This is the first post in a series on principles of Biblical interpretation.
Up until about a year and a half ago I was unaware of the various rules for understanding scripture. Most people I speak to about this are also unaware, they typically rely on their Pastor or favorite theologian to know these things for them. Which is fine, as long as you have a really trustworthy pastor or theologian that you subscribe to. However, just because you personally enjoy their sermons doesn’t mean they are trustworthy.
I would recommend to anyone to take it upon themselves to learn some basic principles of Biblical analysis. I don’t think we are all called to be pastors or (non-armchair) theologians, but if you learn the basics you can spot a wolf in sheep’s clothing pretty quickly.
That said this is a lifelong discipline in which there are few masters. To help anyone who is also new to this journey I will blog for a while on the rules that I have learned and agree with, as well as some of the ones that I reject along with my reasoning.
Each post on this topic will cover one principle of interpretation of scripture. Also, to clarify each principle I will be drawing on examples of topics I have already posted on, and I will provide links so that you can compare and contrast if desired.
That stated, the first principle I am going to address is that of:
Logically, to engage in any kind of interpretation of scripture you need a confession on the authority of scripture. The below quote sums up the confession that I subscribe to nicely:
“We receive and embrace with our whole heart the prophetic and apostolic Scriptures of the Old and New Testaments as the pure, clear foundation of Israel. They are the only true standard or norm by which all teachers and doctrines are to be judged” Solid Declaration of the Formula of Concord.
This is a different confession than what you may typically see from an orthodox American Church. I do believe that all 66 books of the Bible are inspired and God breathed, down to the very words. However, due to the extra philosophical baggage that comes along with them I try to avoid the confessions on Biblical Authority that come out of enlightenment fundamentalism.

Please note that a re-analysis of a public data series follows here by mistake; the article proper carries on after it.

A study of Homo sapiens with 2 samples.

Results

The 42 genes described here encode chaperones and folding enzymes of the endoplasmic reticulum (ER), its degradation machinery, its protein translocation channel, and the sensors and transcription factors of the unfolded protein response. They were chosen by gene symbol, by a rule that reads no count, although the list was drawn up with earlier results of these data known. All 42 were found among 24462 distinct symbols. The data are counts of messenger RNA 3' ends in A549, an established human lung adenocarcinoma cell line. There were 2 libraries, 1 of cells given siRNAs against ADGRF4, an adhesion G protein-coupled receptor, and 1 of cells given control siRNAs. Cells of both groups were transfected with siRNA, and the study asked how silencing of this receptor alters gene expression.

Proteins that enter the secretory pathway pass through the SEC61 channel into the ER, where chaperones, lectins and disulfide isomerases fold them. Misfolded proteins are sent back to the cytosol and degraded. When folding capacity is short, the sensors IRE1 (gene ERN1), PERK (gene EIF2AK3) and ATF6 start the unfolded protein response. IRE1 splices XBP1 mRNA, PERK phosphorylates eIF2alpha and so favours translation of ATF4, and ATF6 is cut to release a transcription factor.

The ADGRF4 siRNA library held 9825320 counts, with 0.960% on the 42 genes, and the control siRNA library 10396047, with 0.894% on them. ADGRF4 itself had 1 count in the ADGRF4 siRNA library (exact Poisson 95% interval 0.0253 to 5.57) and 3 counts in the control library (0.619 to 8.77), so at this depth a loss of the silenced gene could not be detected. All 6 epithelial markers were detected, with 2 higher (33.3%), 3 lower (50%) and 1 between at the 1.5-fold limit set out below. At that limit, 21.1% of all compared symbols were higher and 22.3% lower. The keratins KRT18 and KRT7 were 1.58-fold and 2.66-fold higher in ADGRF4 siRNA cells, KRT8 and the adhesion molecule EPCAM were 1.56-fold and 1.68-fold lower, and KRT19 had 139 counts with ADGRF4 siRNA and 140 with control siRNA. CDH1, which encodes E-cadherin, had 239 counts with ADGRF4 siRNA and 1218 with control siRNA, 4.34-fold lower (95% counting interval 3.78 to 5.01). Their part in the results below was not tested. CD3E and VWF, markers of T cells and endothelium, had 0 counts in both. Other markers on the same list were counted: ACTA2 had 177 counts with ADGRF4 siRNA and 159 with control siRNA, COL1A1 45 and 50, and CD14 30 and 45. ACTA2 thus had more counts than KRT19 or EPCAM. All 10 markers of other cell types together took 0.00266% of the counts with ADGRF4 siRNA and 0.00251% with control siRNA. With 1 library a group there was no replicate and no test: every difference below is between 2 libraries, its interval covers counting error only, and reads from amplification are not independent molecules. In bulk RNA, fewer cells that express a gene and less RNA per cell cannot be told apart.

That said it is important to understand as best you can the confession that one subscribes to regarding Biblical Authority. If one has a very liberal confession the only way to prove anything will be with vast quantities of scripture. Generally a liberal student of scripture seems to assume that the odds are 50 verses making the same point over and over again likely contain the word of God in at least one of them. In my experience, the degree of ones “liberalness” can be measured by the shear number of scriptures needed to convince them of any particular doctrine.
It can be hard to pin a Biblical Liberalist down as their criteria for Biblical authority is usually vague and generally centers around the verses they choose to reject rather than those they embrace. Ultimately the reason I reject Biblical Liberalism is that at the end of the day it is the reader who is picking and choosing which parts of the Bible are inspired and which parts are not. Even if in heaven it is revealed by Christ that the liberals were right all along, and that there were errors and defects in the original manuscripts, I would still prefer to stand on the side where I am and not the one picking and choosing the canon as I personally see fit. This is because I know how dark my vile heart is and I simply refuse to trust it over scripture.
Francis Pieper makes a strong stand against Biblical Liberalism in his works on Christian Dogmatics. A notable quote can be found on Page 5 of Volume I.
“Some have called the complete submergence of the theologian’s Ego a disgraceful “bondage” and a “letter worship.” Christ, however, teaches that this is the glorious liberty which we as Christian theologians are privileged to enjoy. “if ye continue in My Word . . . ye shall know the truth, and the truth shall make you free,” (John 8:31-32). To be held in bondage by one’s own false opinions is the most disgraceful form of human slavery. And the purpose for which Christ gave us His own Word through His Apostles and Prophets is to deliver us from the bondage of our own false notions in matters pertaining to our salvation and that of all men. Therefore our slogan dare never be: “Away from Scripture!” It must remain: “into Scripture, into Scripture as the sole source and standard of theology!” Luther thanked God for the wonderful grace that he could at once discard all thoughts that came to him “without Scripture.”
While I do plan on defending my view of scripture objectively over and against a liberal confession in a future post, for the moment I only want to make clear how a view on the authority of scripture impacts ones theology. If I have motivated you to consider this fact and question yourself as to why you have the confession on Biblical Authority that you do that will suffice for now.
Good to see that you’re pursuing hermeneutics! It is definitely worthwhile, and when you begin to know your Bible well, you’ll see the New Testament authors employed methods of writing that is somewhat different than what we would expect. For example, Jesus often quoted or referenced an Old Testament verse, but didn’t simply mean that verse, He meant the whole passage. So, it is up to us to go back and look at the whole passage and context to know exactly what Jesus is getting at.
Grace and peace to you in Christ Jesus.
Thanks for visiting my blog. Please stick around, I have programmed a few more posts on this topic to appear every Friday for the next month or so.